Coconut Oil Salesmen
Thursday, July 20th, 2017
Our Scottish PR Agency Casts an Eye on the Rise and Fall of Coconut Oil
FOOD is big business and, increasingly, so too is cooking the “healthy” way.
The Body Coach and other multi-media celebs I try my best to ignore are gaining traction with their “healthy” meal suggestions promising delicious, restaurant- quality scran without the corresponding bill or waistband.
What many observers will have noticed is a penchant for replacing butter and more traditional cooking oils for their tropical cousin – coconut oil.
So, to what does this latest food fad owe its popularity, and is it deserved?
Celebrity endorsements have been an advertising trick for some time but with the rise of social media it has become an even better way of directly reaching those celebs’ captive audience.
I don’t personally follow the body coach but I’ve seen enough (first three seconds) of his videos to see that:
- Everything he cooks must taste of coconut
- Coconut oil is essential to his version of a healthy diet
Whether or not he is paid for this privilege (I don’t think he is) he is performing a valuable service to the coconut growers of the world.
To live by his example, it would seem there is no place in your life for olive oil which current research backs as healthier and better for your heart.
In fact, at this stage, there are no valid or reliable studies to date supporting the health claims attributed to coconut oil, though it’s early days.
Beware the ‘natural’
OK, you don’t actually need to beware – it’s just that the term natural has no functional meaning in today’s society.
Try pinning down what is natural and what is not.
Is it something not man-made? Is it something not made in a lab? Is it not the process of selective breeding?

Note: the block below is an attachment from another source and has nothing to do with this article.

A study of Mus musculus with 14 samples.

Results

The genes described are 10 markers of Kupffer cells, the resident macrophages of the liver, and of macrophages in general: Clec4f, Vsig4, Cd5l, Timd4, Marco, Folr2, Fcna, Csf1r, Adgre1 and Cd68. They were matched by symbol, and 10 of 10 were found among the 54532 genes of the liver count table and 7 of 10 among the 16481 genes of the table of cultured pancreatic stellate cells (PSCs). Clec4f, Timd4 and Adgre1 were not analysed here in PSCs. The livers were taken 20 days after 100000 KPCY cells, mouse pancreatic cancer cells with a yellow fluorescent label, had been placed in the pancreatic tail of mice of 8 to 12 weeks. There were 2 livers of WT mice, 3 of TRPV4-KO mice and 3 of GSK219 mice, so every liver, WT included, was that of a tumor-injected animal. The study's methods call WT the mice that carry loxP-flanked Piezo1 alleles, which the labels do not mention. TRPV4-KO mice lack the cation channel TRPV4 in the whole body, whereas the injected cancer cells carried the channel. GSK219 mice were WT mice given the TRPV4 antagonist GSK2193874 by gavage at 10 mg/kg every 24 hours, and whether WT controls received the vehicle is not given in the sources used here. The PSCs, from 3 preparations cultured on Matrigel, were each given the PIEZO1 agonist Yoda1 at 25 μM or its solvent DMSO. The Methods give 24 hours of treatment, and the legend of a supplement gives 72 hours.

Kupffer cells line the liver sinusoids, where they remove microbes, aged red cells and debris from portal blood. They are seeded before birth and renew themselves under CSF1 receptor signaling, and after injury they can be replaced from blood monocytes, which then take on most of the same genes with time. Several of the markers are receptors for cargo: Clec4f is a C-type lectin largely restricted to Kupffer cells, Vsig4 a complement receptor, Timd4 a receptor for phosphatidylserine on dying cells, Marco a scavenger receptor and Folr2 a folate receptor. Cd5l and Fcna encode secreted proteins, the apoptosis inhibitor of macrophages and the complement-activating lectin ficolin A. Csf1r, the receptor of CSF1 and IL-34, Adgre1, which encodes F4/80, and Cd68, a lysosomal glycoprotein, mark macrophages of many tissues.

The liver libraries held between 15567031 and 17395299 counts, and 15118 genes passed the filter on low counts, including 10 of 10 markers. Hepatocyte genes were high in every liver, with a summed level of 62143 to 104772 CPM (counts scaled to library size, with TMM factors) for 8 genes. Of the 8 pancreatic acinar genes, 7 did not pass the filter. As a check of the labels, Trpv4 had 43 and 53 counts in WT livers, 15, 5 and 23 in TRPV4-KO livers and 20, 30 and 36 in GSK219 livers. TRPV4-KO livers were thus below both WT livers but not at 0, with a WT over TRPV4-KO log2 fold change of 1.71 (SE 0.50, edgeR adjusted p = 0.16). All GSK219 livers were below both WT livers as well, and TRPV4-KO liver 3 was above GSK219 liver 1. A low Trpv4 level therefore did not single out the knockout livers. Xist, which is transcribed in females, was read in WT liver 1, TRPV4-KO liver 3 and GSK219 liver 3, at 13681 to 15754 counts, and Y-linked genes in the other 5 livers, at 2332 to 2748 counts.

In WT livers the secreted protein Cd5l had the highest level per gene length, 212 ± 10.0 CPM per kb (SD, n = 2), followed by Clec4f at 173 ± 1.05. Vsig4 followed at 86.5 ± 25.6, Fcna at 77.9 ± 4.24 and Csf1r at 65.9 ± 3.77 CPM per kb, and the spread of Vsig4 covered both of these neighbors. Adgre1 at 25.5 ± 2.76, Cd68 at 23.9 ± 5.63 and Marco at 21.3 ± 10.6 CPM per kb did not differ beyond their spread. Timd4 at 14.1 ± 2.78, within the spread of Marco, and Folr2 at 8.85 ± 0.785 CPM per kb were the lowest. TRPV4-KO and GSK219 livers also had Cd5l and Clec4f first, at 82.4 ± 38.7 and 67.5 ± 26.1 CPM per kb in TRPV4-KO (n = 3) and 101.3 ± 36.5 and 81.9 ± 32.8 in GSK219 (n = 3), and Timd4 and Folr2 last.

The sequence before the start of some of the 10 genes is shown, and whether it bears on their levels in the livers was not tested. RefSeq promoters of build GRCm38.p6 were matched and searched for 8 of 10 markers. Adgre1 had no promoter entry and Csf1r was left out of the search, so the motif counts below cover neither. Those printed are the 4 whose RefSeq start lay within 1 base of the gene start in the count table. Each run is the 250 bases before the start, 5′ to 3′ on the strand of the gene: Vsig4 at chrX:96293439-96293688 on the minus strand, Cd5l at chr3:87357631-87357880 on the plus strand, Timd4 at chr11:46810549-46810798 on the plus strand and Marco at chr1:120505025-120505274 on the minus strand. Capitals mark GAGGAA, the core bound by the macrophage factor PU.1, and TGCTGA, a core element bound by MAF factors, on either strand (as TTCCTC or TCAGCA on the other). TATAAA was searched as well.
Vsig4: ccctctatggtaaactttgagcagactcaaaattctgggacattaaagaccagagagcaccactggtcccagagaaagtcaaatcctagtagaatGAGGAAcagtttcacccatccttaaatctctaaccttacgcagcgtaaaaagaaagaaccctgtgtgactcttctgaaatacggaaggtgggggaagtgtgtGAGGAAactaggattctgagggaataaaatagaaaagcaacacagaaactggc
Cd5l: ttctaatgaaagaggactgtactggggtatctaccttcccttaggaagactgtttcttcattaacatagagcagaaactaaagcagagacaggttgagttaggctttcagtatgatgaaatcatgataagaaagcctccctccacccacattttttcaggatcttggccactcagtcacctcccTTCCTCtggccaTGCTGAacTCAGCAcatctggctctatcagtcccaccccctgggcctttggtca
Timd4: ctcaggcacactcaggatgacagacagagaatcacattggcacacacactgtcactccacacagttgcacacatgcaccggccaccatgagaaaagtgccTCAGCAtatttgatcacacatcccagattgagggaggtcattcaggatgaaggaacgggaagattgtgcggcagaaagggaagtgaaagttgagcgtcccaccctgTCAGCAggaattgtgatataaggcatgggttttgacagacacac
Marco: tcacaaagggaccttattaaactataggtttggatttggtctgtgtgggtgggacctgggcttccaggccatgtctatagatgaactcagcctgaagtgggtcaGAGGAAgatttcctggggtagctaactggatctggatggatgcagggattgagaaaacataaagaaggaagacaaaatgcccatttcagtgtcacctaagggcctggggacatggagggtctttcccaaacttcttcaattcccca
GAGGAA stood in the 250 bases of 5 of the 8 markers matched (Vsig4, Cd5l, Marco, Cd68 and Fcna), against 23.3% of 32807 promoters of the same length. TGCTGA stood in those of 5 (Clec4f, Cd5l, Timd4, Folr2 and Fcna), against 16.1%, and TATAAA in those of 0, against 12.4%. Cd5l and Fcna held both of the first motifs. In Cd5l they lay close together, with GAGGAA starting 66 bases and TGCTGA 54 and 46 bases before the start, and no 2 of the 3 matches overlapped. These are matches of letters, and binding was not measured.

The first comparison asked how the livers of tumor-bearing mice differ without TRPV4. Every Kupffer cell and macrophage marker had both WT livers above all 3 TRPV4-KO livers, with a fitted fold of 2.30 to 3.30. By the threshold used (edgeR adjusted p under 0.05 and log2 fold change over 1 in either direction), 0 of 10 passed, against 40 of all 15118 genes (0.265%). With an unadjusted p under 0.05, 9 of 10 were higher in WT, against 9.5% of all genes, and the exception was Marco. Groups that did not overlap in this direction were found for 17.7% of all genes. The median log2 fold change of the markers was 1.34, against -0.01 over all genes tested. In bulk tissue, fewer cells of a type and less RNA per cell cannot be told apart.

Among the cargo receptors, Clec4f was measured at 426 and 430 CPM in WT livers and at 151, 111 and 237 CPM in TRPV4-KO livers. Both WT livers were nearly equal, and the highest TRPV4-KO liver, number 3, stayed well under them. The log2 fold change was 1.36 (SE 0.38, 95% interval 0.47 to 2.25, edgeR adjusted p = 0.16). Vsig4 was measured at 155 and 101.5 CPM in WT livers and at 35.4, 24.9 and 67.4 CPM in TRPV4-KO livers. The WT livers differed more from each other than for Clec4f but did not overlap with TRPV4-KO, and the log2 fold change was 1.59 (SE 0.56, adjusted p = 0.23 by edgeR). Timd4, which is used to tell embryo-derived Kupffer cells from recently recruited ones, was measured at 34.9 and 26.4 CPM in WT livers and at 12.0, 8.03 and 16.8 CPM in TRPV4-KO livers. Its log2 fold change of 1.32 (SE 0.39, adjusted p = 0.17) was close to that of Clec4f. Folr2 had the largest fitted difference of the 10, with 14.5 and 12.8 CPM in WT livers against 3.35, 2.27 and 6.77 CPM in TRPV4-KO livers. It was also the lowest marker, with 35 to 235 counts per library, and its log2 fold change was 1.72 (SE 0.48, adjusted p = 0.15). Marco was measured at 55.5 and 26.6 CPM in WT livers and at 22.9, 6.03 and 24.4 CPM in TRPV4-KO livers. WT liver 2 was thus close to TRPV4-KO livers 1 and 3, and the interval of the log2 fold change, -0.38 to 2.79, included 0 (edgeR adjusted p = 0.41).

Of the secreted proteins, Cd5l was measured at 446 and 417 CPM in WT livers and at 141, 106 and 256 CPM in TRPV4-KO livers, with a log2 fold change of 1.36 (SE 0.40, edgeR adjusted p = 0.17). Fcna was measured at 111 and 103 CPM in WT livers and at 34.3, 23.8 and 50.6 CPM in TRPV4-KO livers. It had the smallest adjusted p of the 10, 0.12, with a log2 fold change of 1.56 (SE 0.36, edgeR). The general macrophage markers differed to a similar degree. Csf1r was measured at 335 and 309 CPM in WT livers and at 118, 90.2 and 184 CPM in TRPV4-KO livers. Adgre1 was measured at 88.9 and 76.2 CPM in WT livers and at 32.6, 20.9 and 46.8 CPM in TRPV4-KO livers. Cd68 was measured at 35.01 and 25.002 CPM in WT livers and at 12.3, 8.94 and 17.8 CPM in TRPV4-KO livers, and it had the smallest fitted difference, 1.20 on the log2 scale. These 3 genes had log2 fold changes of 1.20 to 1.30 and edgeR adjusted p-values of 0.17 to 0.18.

If you want to avoid human interference you’re probably going to have to stop eating just about everything from bananas to milk as the guiding hand of humanity has bred the undesirable characteristics out of so many arable products that barely anything is untouched.
Remember how you used to have to salt aubergines? Yep, that’s selective breeding.
On top of this, you might wonder why we find natural things so desirable in the first place.
Sure mangoes and quinoa are natural but so is disease, death and getting picked last in P.E. – there’s loads of horrible stuff out there.
‘Natural’ has benefitted hugely from media and consumer bias over the years.
Choosing your words carefully will always make a huge difference.
What is surprising is that coconut oil got away with it for so long.
Why was there any surprise that this contained as much fat as beef dripping? Its oil, of course it’s made of fat, even if it has fallen from a tree.
There are a lot of differences in different fats (I’m told), but as we’ve already discussed coconut oil isn’t top of the table in this department anyway.
Again, a public relations stroke of genius from peddlers of coconut oil and not a difficult one.
Coconut milk and flesh have long been viewed as a health foods so it wasn’t a hard sell to the health and fitness crowd.
It is hard to over-estimate the effect ambassadors and other products can have by proxy.
It’s a principle advertising has used for decades and there’s no reason to think that it wouldn’t be even more effective if it comes from someone who doesn’t look like they’re on the payroll.
If you go all in on the gym and slim down every meal, or partake a little too readily in dripping on toast (yum), you can’t deny that coconut oil has grown a big following – there’s no doubt this is down, in part, to good PR – whether paid for or not.